The recent front-page article about Cushing Academy’s library of the future (“Welcome to the library. Say goodbye to the books,” 9/4/09) sparked highly emotional responses among readers (474 comments online, as of today) and drew a sharp editorial retort from the Globe (“Overeager futurism at Cushing,” 9/7/09). The problem is, both Cushing and the Globe are engaged in last century’s debate. As the 2009-10 school year starts, the conversation in libraries should not be computers replacing books, but about how to use the best of emerging technology and applications to support new approaches to learning and teaching.
The newest technologies are collaborative, social networking applications that change the classroom dynamic in powerful ways. One of the world’s foremost educational technology experts, Professor Stephen Heppell, calls Web 2.0 “the death of education and the dawn of learning.” For a more positive, research-based assessment of the impact of technology on education, read the New York Times piece (“At your fingers, an Oxford don,” 9/13/09) in which Beaver parent and Harvard education professor Chris Dede is quoted.
By providing the means for students to collaborate with each other and with their teachers on a more sophisticated level, these emerging technologies, when used well, strengthen the student-teacher relationship and allow students to learn, research, create and collaborate without the boundaries of space and time. And, for the most part, they cost nothing.
Educators should not waste time arguing about whether there should be books in the library; rather, they need to re-conceive how the library’s physical space can also accommodate new ways of learning. Major universities around the country are removing – or storing off-site – hundreds of thousands of volumes, while keeping essential print resources on hand. A well-designed modern library provides space for students to study independently, to collaborate in small groups and to work in larger groups. A 21st century library needs space for students to discuss their work – out loud – freeing librarians from the chore of shushing students.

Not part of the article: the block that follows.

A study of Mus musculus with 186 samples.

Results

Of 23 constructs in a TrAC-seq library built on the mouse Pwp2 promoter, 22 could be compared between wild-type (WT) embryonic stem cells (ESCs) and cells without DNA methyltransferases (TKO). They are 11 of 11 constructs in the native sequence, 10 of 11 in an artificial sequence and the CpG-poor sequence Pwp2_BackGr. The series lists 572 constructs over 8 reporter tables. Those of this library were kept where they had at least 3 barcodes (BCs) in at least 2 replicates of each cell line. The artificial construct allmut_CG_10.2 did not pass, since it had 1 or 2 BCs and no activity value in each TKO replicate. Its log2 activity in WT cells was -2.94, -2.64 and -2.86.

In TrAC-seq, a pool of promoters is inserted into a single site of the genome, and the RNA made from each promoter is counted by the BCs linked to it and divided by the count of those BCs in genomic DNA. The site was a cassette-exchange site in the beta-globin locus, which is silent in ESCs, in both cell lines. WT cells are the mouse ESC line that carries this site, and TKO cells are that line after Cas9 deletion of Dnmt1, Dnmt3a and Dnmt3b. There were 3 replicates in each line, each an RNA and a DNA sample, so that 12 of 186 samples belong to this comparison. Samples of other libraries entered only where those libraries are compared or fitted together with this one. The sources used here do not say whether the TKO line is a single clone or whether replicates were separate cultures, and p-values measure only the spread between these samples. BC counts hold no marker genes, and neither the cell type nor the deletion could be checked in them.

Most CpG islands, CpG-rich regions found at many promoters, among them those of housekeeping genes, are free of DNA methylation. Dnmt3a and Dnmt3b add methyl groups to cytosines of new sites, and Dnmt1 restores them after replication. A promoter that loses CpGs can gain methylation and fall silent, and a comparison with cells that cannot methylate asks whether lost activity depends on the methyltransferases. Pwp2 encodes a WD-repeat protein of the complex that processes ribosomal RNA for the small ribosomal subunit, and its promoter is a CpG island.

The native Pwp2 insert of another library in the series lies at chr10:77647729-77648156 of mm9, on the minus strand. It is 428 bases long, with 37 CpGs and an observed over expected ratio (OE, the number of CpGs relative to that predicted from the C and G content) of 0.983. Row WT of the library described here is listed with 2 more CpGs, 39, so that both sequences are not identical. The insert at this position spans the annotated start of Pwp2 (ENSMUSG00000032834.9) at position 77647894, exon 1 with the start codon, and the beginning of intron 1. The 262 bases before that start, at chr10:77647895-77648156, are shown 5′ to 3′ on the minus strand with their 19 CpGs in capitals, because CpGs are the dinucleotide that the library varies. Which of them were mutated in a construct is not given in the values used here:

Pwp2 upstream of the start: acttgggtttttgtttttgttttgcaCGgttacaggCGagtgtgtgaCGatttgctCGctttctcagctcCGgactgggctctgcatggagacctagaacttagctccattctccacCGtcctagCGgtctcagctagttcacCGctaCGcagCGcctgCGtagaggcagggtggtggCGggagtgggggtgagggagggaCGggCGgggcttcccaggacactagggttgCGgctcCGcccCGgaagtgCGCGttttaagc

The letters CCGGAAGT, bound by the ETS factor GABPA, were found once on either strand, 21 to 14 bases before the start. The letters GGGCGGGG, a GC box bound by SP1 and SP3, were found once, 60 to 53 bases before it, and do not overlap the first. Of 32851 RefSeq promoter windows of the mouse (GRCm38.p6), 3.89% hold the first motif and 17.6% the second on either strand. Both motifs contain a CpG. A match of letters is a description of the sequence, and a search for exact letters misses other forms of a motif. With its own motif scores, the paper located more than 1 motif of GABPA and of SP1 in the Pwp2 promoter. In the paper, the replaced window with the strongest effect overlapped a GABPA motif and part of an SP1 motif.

Will there be books in the library of the future …who knows? Will we only read Hamlet on a Kindle and conduct all research online? Maybe. As for the future of traditional textbooks, that is a different matter. All those weighty and expensive chemistry, history and language textbooks need to be replaced by Web-based resources that are dynamic and interactive. Imagine being able to open your American history “textbook” with your browser and being directed to blogs, podcasts, Atlantic Monthly articles, TED talks etc. that relate to what you are currently studying. Imagine students and teachers creating online resources that allow them to exchange ideas with other students and teachers anywhere in the world, in real time. Inexpensive netbook computers make investing in technology a great value when compared with the cost of maintaining and updating print resources.
In forward-thinking schools teachers and administrators are already having sophisticated conversations about how best to harness Web 2.0’s potential for transforming learning and teaching. This is the most exciting time I have experienced in my 34 years in education. Let’s stop wringing our hands, start asking the big questions and give our students the tools they need to succeed.